While the conference started today, Sunday, the main papers and talks really begin tomorrow. Still, there were some early presentations that were very interesting.
One of the first talks focused on 'Pushing Production Data', with presentations by DreamWorks Animation on the artistic rendering of feathers and on coherent out-of-core point-based global illumination and ambient occlusion used on 'Kung Fu Panda 2'. The studio also demonstrated its artist-friendly simulation tools used to destroy a city in 'Megamind'. Weta Digital showed off the capabilities of PhotoSpace, its photogrammetry tool that allows for automated photo capture and digitization of props for feature film and visual effects use. Items are placed on a turntable and then multiple photographs are taken, with the tool delivering a 3D point cloud that can then be meshed. The fidelity in the final 3D model comes from the feature detection undertaken on every single image. The tool also works with Mari to allow for very high-resolution re-projections. We saw some great examples of small but relatively complex props like a backpack or a crumpled jacket that were placed on the turntable and meshed into models without any artist intervention. Weta says they are continuing to work on PhotoSpace to improve its ability to recognize shiny objects, objects with not much detail and, in the future, to take it out of a controlled turntable environment.
Technical Papers Fast Forward
A highlight of every Siggraph is the Papers Fast Forward, it is both a brilliant chance to see an overview of every talk in the conference, and a chance for many of the serious technical presenters to have some fun. Each paper is given a minute to present a summary of their work, mainly in the form of a speaker with slides. But as this is really a mini-advertisement to attract an audience to your paper, the results can be very funny and engaging. This year saw one paper presented by a speaker in a gorilla suit, for yes a Rise of the Planet of the Apes-based paper, several very funny gameshow rapid fire graphics pitches, live face painted mime artists acting out character animation capture and even an old 1920s silent movie with hand cranked music score.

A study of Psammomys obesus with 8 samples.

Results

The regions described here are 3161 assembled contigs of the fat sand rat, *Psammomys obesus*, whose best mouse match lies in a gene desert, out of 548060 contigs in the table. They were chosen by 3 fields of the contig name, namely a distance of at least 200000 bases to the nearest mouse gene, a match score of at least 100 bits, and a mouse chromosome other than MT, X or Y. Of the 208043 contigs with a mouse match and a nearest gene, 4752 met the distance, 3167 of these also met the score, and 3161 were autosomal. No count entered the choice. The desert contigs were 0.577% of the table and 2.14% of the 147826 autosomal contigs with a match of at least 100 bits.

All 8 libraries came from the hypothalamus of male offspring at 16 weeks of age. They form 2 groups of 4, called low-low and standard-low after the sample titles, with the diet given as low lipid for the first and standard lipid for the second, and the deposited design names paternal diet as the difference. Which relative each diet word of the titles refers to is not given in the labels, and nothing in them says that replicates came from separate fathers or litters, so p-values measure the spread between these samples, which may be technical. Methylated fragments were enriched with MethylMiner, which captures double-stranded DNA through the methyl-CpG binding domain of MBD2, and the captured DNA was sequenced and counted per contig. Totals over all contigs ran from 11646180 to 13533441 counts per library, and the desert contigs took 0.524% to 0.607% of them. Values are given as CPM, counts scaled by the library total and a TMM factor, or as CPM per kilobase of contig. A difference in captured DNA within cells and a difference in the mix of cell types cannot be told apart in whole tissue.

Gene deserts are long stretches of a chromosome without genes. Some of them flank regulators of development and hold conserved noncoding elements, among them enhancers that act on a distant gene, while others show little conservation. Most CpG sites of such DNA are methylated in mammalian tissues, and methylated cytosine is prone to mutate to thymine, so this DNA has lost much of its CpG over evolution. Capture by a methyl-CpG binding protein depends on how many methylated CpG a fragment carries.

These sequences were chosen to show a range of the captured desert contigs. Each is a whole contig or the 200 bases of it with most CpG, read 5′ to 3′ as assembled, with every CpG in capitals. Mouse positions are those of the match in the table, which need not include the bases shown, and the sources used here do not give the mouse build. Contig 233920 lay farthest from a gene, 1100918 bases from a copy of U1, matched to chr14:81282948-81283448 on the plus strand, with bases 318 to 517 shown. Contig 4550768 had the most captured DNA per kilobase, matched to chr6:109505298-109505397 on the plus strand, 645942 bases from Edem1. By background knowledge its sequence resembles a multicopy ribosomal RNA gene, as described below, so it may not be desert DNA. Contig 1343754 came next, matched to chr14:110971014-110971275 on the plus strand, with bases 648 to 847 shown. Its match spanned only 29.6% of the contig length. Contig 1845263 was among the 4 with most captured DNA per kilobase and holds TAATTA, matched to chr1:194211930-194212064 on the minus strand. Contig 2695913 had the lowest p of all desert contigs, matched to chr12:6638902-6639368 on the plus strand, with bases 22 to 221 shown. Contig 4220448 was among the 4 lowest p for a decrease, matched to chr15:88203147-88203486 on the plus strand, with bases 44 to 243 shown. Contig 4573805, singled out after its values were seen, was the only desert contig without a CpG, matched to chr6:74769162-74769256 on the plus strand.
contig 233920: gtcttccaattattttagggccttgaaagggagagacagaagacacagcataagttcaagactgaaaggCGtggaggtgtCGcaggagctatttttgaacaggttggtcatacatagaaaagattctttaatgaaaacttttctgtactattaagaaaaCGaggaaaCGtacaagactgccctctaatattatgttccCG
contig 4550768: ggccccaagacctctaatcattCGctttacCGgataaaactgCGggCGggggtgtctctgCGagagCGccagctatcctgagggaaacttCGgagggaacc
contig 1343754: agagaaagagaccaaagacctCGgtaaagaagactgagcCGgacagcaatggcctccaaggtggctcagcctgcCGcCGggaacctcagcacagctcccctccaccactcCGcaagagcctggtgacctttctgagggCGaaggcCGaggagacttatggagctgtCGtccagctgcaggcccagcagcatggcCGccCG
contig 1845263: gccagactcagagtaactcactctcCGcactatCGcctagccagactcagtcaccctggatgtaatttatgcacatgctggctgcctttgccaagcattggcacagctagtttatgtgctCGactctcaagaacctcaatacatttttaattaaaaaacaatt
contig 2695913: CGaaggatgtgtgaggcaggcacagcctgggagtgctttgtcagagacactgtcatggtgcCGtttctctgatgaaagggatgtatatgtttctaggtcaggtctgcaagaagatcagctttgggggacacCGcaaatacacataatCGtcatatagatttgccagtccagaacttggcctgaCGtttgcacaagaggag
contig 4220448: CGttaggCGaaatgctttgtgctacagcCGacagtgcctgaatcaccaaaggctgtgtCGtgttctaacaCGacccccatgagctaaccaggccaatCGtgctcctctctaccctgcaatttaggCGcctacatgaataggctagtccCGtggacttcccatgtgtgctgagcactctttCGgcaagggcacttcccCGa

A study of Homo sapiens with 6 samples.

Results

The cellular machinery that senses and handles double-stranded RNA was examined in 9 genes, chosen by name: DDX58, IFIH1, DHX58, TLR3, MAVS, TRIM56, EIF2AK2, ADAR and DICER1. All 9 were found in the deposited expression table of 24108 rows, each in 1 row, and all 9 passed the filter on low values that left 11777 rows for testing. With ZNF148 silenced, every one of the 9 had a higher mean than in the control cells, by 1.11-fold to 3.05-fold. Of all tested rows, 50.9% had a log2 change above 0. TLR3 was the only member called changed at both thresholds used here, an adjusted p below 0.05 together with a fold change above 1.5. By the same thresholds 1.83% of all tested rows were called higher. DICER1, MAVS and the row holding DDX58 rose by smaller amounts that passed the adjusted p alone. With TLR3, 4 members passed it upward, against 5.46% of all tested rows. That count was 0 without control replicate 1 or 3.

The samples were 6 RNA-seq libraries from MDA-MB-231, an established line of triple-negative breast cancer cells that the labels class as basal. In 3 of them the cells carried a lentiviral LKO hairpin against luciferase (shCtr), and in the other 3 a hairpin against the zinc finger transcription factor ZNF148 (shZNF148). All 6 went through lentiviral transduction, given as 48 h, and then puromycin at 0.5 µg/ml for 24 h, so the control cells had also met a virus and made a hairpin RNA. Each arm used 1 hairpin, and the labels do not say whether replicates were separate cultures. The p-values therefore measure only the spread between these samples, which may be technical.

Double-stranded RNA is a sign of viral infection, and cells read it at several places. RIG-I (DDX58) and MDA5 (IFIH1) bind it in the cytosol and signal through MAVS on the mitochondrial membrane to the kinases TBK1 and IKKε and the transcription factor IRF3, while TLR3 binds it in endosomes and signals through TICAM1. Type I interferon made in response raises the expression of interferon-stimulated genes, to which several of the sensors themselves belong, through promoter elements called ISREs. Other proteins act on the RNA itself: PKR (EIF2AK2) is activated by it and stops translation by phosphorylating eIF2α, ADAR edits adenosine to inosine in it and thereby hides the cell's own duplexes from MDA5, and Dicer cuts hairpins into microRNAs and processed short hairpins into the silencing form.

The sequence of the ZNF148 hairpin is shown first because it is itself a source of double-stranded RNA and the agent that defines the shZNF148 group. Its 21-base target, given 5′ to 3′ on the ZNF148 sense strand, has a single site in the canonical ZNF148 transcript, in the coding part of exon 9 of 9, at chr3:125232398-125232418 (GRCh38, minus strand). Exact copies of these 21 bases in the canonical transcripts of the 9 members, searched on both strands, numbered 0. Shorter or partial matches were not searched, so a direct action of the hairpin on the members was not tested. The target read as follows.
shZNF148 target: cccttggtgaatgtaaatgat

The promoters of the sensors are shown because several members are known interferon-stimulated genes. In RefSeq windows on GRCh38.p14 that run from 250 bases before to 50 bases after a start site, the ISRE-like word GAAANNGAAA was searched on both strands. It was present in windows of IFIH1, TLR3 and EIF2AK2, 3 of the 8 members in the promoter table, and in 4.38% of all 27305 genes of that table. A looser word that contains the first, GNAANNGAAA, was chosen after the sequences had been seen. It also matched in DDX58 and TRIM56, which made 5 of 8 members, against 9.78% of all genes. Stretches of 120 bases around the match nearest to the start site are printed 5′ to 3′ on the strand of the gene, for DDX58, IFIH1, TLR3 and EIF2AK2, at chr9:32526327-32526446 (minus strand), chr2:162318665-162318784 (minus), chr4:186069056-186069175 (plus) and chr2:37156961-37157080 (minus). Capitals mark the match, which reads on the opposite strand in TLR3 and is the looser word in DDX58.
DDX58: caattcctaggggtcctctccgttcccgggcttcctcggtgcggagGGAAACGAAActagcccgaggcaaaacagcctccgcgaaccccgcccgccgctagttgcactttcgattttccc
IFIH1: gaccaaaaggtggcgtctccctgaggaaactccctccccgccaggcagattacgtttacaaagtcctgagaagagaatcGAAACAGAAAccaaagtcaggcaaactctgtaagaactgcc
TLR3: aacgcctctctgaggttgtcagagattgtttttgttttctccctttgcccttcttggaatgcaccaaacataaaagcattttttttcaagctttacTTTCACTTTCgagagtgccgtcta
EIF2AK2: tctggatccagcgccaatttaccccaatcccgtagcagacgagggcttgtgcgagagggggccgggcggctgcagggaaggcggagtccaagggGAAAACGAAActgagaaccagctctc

While a few papers were not included, presumably as their authors were yet to arrive for the conference, the Fast Forward did throw up some papers we'd missed when reviewing the paper schedule that we we will aim to see, such as:
0019-Real-Time Eulerian Water Simulation Using a Restricted Tall Cell Grid
In this paper, real time GPU processing allows for real time water simulation - with user interaction. This paper is both impressive and highlights a stunning new level of fluid sim real time GPU performance, which extends from just waves to even spray and foam simulation.
This small, literally pocket, kit allows BRDF sampling of materials using an iPhone and while not realtime, allows for incredibly impressive results. As most BRDFs are just approximations and most professional rigs are in research labs with expensive lasers - this system could be made accessible to any material shader writer and the results are stunning.
0494-Illumination Decomposition for Material Recoloring with Consistent Interreflections
This paper shows how to deal with re-coloring spill so that when say a dress is changed in color - the subtle spill on the arm is also addressed and carefully changed to match the right radiosity spill or bounce effect on live action footage.
0182-Realtime Performance-Based Facial Animation
It is hard to pick which facial animation paper to recommend but this one caught our eye as it will be demonstrated live during the talk. The authors aim to produce realtime facial animation from one camera so you can turn your Skype video conference into something a little more fun - all in realtime.
0284-Depixelizing Pixel Art
This is actually a returning favorite of fxguide. We covered an earlier version of this at Siggraph in New Orleans. At that time the sensor could scan the bumps on a fingerprint and produce a 3D model by pressing your finger on the elastomeric sensor. Now the system is 10 times as powerful and thus can read the bumps on a banknote from the printing and ink height differences. It can literally produce a model of the height field of the text on a $20 bill.
0426-Motion Capture from Body-Mounted Cameras
Instead of producing a capture volume - multiple cameras are attached to the body and look out, allowing for complex 'camera tracking style' solutions to solve the position of all the body points.
The classic thinking outside the box Siggraph paper we love to see!
One more...(that we missed seeing at the FF but is of real interest to many of us)...
0151-A Versatile HDR Video Production System
An optical architecture for HDR imaging that allows simultaneous capture of high-, medium-, and low-exposure images, and an HDR merging algorithm that avoids undesired artifacts. This paper explains implementation of a prototype HDR-video system with what appears to be a beam splitter for acquiring HDR video.
fxguide / fxphd user meet-up
Sunday Night was also the annual Siggraph fxguide and fxphd meet-up, this year held at a pub near to the convention centre. It was great to see so many members of fxguide insider and fxphd. Thanks to everyone who came...between drinks, here are just a few pics of those who attended.